Date: February 16, 2021
Next in the Startover series, we spoke with Sydney Greene, a registered dietitian who specializes in nutrition for recovery from addiction, disordered eating, negative body image, and chronic digestive issues.
Throughout our conversation, Sydney stressed that ultimately, food choices are individual and personal. Your eating habits can be customized to what makes your body feel its best, and your choices can revolve around the foods that you find both nourishing and delicious.
To help us make these healthier choices, Sydney spent time with us debunking common nutrition myths. She replaced these myths with practical information, supported by research, and then shared sensible advice for how to incorporate more healthy habits into our day.
Nutrition Myths Debunked:
Myth: Count calories
Fact: The quality of the calories matters more so than the quantity.
Action: Try to eat a balanced intake of high-quality vegetables, protein, fat and complex carbohydrates.
Myth: Don’t Eat Carbs
Facts: Your body needs carbohydrates! It’s the type of carb that is important. A sweet potato provides your body with necessary nutrition, while a cookie is an empty carbohydrate with refined sugar.
Action: Focus on vegetables, whole grains and fruits for carbohydrates. (Eat the sweet potato.)
Myth: Juice Cleanses Detox Your Body
Facts: There is no evidence that juice cleansing supports detoxification. Your body is constantly, naturally detoxifying itself.
Action: Bypass the juice and eat simple, whole foods.
Myth: Skip Breakfast
Facts: Breakfast is important! It boosts your metabolism and helps balance your blood sugar.
Action: Try and include the 2Ps during breakfast – protein and produce. Your first meal of the day should have a source of protein and a fruit and/or vegetable.
Myth: Fat is Bad
Facts: Fat is essential to every diet! As with carbs and sugar, some types of fat are far healthier for your body than others.
Action: When choosing foods, select whole foods rather than fat free options. Foods with whole fat, like eggs, milk, and butter, are far more nutritious, satiating, and delicious.
Myth: Eat At Least 100 grams of Protein Every Day
Facts: One hundred grams of protein is approximately double the amount of protein your body needs per day. Most people easily meet (and exceed) their recommended daily allowance without paying special attention to incorporating protein in their diet.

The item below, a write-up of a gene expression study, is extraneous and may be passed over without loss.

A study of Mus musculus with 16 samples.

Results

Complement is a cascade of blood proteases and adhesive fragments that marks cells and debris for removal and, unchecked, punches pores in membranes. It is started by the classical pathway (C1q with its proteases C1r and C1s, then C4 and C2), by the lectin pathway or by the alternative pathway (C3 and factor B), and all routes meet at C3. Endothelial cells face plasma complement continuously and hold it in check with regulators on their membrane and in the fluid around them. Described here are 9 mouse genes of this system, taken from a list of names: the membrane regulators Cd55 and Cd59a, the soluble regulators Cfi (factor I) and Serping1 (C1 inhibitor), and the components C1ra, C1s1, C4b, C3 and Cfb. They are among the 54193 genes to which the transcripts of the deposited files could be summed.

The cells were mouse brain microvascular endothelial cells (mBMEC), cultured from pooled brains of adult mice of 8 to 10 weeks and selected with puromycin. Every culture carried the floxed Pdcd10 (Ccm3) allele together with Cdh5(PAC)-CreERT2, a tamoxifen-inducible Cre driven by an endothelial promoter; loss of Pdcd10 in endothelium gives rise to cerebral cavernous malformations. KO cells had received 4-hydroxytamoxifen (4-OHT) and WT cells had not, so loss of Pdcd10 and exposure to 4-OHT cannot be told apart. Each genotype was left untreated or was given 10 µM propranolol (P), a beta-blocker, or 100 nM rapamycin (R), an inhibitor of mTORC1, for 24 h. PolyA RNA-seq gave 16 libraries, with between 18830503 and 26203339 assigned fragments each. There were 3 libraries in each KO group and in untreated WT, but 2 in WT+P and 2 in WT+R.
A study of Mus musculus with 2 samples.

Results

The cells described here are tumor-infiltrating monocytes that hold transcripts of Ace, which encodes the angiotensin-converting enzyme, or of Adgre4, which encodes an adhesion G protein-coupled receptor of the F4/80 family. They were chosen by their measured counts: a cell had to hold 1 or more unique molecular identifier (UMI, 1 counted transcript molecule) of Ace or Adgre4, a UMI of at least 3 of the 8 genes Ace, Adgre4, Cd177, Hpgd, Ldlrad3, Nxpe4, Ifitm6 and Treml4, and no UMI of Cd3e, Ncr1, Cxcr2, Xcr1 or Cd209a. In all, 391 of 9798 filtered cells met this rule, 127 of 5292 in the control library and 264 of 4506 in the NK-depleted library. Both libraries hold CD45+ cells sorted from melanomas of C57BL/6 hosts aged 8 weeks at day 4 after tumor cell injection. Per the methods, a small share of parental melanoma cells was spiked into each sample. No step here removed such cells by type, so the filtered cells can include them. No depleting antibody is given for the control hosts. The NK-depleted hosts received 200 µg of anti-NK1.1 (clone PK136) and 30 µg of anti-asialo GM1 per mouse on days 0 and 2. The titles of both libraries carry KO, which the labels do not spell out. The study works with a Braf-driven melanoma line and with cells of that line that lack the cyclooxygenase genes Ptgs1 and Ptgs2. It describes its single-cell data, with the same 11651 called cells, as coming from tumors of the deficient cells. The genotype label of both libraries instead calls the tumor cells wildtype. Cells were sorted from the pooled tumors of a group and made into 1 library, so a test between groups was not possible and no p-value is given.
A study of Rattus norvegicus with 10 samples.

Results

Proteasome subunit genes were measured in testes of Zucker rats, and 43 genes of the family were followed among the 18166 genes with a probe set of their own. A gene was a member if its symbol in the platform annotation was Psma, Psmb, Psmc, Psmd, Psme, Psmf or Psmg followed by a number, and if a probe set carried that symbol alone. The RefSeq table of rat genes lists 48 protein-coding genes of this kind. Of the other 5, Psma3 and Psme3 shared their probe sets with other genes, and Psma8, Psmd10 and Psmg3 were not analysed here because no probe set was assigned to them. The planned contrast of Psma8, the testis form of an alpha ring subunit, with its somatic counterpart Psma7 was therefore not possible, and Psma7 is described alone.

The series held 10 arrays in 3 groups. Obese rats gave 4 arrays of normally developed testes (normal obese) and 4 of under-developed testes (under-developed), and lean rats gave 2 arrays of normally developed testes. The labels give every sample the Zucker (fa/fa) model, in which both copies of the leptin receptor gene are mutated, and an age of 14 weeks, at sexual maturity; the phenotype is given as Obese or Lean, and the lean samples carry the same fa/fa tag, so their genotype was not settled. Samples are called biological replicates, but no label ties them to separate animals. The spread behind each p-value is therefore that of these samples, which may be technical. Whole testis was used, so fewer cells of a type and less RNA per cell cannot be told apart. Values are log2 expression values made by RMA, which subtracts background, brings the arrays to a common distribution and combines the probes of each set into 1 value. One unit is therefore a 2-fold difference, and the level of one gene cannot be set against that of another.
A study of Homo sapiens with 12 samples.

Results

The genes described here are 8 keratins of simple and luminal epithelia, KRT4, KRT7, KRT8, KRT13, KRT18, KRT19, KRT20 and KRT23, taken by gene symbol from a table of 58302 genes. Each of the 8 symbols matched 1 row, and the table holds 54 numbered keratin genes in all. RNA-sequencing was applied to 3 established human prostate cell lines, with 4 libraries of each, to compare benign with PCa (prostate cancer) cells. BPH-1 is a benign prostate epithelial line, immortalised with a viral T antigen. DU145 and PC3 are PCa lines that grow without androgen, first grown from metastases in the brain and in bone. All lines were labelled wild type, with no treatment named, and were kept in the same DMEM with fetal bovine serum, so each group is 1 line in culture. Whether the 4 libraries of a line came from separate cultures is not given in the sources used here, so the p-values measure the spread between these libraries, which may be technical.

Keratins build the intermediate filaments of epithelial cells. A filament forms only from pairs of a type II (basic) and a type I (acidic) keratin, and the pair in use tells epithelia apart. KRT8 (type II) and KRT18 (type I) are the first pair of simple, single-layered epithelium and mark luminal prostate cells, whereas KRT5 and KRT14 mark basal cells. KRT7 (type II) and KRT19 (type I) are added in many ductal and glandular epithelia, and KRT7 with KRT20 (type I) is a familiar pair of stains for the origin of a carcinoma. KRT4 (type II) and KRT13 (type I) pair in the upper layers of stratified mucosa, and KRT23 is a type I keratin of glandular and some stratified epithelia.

Action: Shift your focus to the quality of your protein source. Wild seafood, grass-fed meat, and organic tofu are a few of the healthiest options.
Myth: Snacks are Bad
Fact: Snacks can be quite nutritious and help you stay full in between meals.
Action: Grab protein-based and low-sugar snack options, totaling approximately 25% of your daily calories.
Ten Quick Tips from the Session:
- Hydrate. Then, hydrate some more.
- Shift your focus to the quality of your food rather than the quantity.
- Eat whole foods.
- Eat more plants, including plant protein.
- Eat more vegetables.
- Eat early. Try to eat breakfast within an hour or so of waking, since It fuels you for your day.
- Do NOT skip meals.
- All sugar is not created equal. Sugar naturally found in fruit comes packaged with vitamins and nutrients. Try and reduce foods with added sugar.
- Prioritize sleep. Insufficient sleep spikes your hunger hormones, making you reach for food when you really just need to sleep.
- HALT: Ask yourself – Am I Hungry, Angry, Lonely, or Tired? Identify which of these you are feeling, and if you’re not actually hungry, find a different way to address the true need. If you’re lonely, reach out to someone. If you’re tired and able to, take a nap or plan for a relaxing night with an earlier bedtime.
Sydney ended with an important reminder that the number on the scale is just that – a mere number. It does not measure your health and all that word encompasses, including but not limited to mental health, spiritual health, and the quality of your relationships. Your weight does not even provide a definitive answer about your physical health; sleep habits, your immune system, and muscle strength are also crucially important to your physical and overall well-being. These expert tips and takeaways can help you develop the habits and choose the wholesome foods to fuel the balanced, healthy life that you want to lead.
Sydney can be reached at [email protected] and 267-664-7826.